Grachvogel took us back to uptown 1964 with this wonderfully demure collection inspired by Hitchcock’s beautiful women who were seen as powerful and racy yet glamourous and serene.

Executed in silk and satin, floor-length gowns floated across the catwalk in block shades of dune, red and black. The designs came across as simple creations in a range of largely muted colours but this worked in Grachvogel’s favour, allowing attention to be drawn to the drapery of the fabric which was so important in this presentation.

Slash neck dresses featured alongside loose, high-waisted trousers and tie-neck blouses, while much of the drama was characterised by the low-slung backs. Not only did Grachvogel highlight the spine with her classic gowns, but also with her Graphic Plume Print Satin Portofino Blouse; an unusual backless piece which tied around the neck and slashed at the sleeves.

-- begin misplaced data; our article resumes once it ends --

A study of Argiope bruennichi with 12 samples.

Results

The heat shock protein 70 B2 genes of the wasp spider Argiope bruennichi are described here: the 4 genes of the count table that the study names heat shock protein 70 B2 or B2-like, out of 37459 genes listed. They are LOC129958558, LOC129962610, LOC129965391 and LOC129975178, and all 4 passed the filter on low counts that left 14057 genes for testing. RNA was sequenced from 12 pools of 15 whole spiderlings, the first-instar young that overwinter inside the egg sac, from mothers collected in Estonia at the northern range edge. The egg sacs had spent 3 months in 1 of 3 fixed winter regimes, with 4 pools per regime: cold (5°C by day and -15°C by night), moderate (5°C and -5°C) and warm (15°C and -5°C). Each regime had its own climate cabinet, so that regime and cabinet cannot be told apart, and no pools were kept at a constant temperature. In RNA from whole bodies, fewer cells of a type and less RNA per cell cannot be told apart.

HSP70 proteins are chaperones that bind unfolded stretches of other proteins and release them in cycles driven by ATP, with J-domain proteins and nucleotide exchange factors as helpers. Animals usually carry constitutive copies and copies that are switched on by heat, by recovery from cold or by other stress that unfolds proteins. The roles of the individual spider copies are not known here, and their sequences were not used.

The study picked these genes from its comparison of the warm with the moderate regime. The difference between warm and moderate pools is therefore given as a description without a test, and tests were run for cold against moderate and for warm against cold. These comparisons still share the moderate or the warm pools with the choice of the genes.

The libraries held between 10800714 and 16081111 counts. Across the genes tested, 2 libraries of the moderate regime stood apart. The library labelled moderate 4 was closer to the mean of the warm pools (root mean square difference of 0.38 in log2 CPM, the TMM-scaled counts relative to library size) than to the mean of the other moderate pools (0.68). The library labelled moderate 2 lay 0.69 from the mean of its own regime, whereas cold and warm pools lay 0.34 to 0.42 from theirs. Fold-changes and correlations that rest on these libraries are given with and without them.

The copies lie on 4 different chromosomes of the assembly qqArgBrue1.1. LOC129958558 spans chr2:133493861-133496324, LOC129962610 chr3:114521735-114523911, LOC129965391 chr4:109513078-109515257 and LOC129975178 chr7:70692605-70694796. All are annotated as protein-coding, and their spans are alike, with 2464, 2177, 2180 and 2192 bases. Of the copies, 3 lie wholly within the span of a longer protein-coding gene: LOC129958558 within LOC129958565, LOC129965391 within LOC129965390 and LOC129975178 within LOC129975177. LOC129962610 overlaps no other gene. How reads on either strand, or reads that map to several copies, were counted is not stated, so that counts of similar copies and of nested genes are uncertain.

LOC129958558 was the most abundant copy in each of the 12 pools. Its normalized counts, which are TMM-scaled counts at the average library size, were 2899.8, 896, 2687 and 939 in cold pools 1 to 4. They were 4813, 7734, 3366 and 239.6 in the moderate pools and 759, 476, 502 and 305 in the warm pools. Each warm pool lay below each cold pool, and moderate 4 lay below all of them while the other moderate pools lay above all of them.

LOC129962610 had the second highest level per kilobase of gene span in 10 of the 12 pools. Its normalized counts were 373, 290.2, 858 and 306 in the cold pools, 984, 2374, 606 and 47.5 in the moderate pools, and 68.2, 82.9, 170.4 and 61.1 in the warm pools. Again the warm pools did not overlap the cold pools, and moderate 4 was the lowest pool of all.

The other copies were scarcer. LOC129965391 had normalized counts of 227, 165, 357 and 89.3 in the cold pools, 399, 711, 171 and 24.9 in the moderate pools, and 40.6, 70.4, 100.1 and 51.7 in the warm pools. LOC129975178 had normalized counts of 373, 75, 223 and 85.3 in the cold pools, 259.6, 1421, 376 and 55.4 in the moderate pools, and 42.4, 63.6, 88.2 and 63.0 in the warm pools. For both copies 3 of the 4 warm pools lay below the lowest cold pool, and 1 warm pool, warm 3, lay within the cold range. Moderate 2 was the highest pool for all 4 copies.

Prints did not feature heavily in the collection, with these being limited to a black and white graphic print as well as the image of the Lotus and Tiger Lily. These offerings broke up the presentation nicely, balancing out the dominating tones of typical evening glamour: the bold flower prints in particular – striking in their complementary colours – gave the audience a real taste of spring.

Failing to avoid the cliche, the photos of this presentation have not done the collection justice. I think that the chosen fabric means that these pieces really rely upon movement in order to give off that desired effect, which stills just cannot fully emulate. Nonetheless, Grachvogel put on a beautiful presentation which showed off her signature cutting techniques, enabling her to create elegant and entirely wearable pieces for the glamourous woman. While Grachvogel might not have taken any risks, the collection was consistent and certainly pleasing on the eye.